Can there be specific rules and guidelines for the practice of journalism, especially television journalism in our country? This has been the subject of much debate and has overshadowed the larger discussion on the content code and guidelines for broadcasting sector that were initiated by the information and broadcasting ministry in 2005.
The report, submitted by a special committee comprising various stakeholders after two years of discussions and debate recommended principles for self-regulation and redressal through an industry-led body. An additional chapter in this document specifically discussed guidelines for news and current affairs programmes. This led to intensely critical reactions from media groups and professionals who saw this as another way for the government to control information and to curb freedom of expression.
For any content regulation, a key objective is the avoidance of harm. It is widely accepted (even in the United Nations Convention on the Rights of the Child) that certain audience groups, especially minors, should be shielded from material that may be considered inappropriate for or harmful to them. Other common protective rules include those dealing with journalistic accuracy and fairness, the right of reply, privacy rights of those featured in programmes, television violence, and articulation of standards of good taste and decency. Other objectives for content regulation in India could be in terms of protecting or supporting cultural and minority interests.
Also Read P.N. Vasanti’s earlier columns
Also See Suggested Categorization Across Nine Themes (Graphic)
Given these objectives, the guidelines and certification rules drafted by the committee are intended to guide broadcasters and are based on enduring principles: that all programming should not mislead, cause offence, or lead to harm, particularly to the vulnerable.
The scheduling rules and categorization system elaborated in the certification rules clearly provide nine basic themes that cut across all genres including news and current affairs. These themes are: crime and violence; sex, obscenity and nudity; horror and occult; drugs, smoking, tobacco, solvents and alcohol; libel, slander and defamation; religion and community; harm and offence; advertisements and general restrictions (regarding constitutional provisions and national security).
The idea of creating these themes and defining U (universal viewing), U/A (universal viewing with adult supervision) and A (adult viewing) standards according to the theme’s treatment and the audio visual presentation (see accompanying table for a sample—the categorization sample of the theme on crime and violence) is to support self-regulatory process for scheduling of programmes with an awareness of the likely audience in mind. This provides clarity without curbing the scope for creative expression and innovation.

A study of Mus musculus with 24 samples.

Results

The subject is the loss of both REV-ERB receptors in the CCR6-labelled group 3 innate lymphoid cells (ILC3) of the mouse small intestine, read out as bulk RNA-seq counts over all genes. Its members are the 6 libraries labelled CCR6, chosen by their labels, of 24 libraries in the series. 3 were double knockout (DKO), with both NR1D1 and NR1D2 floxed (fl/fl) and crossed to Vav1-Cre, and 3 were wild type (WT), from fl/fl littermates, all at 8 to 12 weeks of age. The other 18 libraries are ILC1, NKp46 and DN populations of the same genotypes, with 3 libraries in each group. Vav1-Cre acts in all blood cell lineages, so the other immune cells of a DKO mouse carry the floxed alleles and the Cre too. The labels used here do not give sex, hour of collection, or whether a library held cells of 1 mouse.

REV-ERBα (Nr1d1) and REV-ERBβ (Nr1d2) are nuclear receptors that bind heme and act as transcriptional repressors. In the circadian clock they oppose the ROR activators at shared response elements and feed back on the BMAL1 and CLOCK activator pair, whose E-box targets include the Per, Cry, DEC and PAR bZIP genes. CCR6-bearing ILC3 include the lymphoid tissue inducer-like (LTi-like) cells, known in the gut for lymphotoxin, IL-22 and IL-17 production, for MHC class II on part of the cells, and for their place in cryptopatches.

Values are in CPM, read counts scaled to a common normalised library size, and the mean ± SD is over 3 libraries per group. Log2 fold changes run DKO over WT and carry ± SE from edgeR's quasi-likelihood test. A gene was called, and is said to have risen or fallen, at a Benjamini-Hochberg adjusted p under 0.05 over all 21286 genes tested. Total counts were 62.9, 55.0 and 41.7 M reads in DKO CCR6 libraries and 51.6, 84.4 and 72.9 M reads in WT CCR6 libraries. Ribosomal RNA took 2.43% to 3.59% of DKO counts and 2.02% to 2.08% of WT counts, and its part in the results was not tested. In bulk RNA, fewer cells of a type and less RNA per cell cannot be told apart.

Of course, these codes are also visualized to be dynamic and will eventually change with evolving contemporary standards and audience needs. By and large, the certification rules uniformly apply to all types of broadcasters. However, for news and current affairs programming, the broadcaster is expected to edit the content as well as carry prominent warnings and suitably mask any portions of news or current affairs scenes considered unsuitable for viewing.
My argument is that the need for regulation and setting of standards is across content genres and not just for news and current affairs. Yes, news and current affairs programming requires that there be a focus on impartiality, accuracy and the prominence given to views and opinions. However, the need to invent new genres and experiments with existing programming styles to survive in the clutter has raised critical issues of restraint and ethics even in genres such as reality TV and soap operas. Let us take violence for example—today, gory and explicit violence is visible on news channels (mutilated body close-ups, the recreation of crimes) and also in family dramas filled with gratuitous violence.
Given the increasing focus on entertainment and other genres of programming even in news and current affairs channels, the contentious last chapter for news and current affairs programming in the report is actually not required (nor relevant) since these detailed categorization of nine themes cover almost all sensitive and controversial issues. What would have helped instead is a recommended journalistic code of conduct and ethics, a sort of a reminder or guide to healthy journalism.
P.N. Vasanti is director of New Delhi-based multidisciplinary research organization Centre for Media Studies.